Inventory Correlates With Time on Market

Metros with the steepest drop in available homes also have fewer homes on the market after two months


By Mike Chamernik, Associate Editor July 27, 2017
Homes in a suburb
This article first appeared in the August 2017 issue of Pro Builder.

During the second quarter, housing inventory dropped 8.9 percent nationally year-over-year, the ninth consecutive quarter with a decline. Buyers are working fast to snag what they can.

Trulia’s quarterly Inventory and Price Watch report found a strong link between rates of inventory and the average time that homes spend on the market. Metros with the steepest drop in available homes also have fewer on the market after two months.

Over the past year, the number of available starter and trade-up homes declined by 15.6 and 13.1 percent, respectively, and inventory as a whole is down 20 percent from five years ago.

The squeeze is pushing buyers to put more of their income toward a purchase. Starter-home buyers need to spend 39.1 percent of their income to buy a median-price home, a 3.1 percentage point increase from last year. Trade-up buyers spend 26 percent of income on an average home, 1.7 percentage points more than last year.

Now, buyers are faced with listings that seem to vanish right before their eyes. Since 2012, the share of homes on the market after two months has dropped 10 points to 47 percent.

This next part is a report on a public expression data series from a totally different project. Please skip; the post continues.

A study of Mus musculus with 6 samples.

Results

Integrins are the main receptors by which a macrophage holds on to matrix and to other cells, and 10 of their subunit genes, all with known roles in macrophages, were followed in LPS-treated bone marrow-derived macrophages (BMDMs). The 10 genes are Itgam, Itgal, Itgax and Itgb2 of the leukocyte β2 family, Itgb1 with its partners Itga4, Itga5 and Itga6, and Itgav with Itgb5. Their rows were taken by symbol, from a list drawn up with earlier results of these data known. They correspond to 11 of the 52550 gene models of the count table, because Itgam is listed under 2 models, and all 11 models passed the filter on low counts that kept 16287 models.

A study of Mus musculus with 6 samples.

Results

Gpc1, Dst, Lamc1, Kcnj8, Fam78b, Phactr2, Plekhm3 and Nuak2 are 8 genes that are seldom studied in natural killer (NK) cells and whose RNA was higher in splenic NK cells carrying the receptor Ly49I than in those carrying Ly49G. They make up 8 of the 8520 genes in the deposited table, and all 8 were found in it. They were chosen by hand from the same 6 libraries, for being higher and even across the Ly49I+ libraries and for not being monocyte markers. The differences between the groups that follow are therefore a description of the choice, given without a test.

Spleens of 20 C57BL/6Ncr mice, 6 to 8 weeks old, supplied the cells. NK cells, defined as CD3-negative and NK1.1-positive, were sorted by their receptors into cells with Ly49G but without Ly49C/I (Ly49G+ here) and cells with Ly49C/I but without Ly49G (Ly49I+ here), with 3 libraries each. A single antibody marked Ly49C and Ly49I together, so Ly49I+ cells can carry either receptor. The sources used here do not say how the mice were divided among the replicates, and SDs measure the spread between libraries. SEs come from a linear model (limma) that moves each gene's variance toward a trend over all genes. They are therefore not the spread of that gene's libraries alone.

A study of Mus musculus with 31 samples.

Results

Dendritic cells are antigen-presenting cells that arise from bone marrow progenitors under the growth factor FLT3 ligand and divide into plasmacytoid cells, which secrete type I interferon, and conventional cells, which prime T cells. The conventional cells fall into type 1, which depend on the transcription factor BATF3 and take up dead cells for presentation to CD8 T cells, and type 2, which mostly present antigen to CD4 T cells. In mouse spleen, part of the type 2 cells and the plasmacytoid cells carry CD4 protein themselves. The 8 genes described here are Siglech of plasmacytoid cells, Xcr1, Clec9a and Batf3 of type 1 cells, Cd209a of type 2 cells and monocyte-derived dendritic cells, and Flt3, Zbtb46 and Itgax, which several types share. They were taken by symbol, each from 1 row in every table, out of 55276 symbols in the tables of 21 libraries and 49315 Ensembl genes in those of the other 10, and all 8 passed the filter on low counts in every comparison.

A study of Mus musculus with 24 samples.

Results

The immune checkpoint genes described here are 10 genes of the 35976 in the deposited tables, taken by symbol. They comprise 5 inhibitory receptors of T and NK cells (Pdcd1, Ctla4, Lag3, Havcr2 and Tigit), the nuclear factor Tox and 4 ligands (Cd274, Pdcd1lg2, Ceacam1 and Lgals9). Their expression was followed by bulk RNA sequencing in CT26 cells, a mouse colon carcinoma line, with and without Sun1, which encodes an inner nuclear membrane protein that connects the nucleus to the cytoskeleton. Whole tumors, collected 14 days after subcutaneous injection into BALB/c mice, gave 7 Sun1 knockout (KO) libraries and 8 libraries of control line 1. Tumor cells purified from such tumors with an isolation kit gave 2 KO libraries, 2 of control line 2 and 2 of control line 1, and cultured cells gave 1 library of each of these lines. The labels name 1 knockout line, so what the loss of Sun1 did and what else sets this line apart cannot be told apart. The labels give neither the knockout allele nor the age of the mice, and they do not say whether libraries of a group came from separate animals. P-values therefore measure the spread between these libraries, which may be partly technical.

The fastest markets are in places such as San Jose and Oakland, Calif., Seattle, and San Francisco, where less than 25 percent of homes were still on the market after two months in the second quarter. Columbus, Ohio, Denver, Salt Lake City, and San Diego are among the other competitive markets, with less than a third of homes on the market after two months.

“Markets that have witnessed larger decreases in inventory have experienced larger declines in the share of homes still sitting on the market after two months,” Trulia’s chief economist Ralph McLaughlin said in a statement. “With these declines, falling inventory has also pushed affordability of homes across all segments to new post-recession lows.”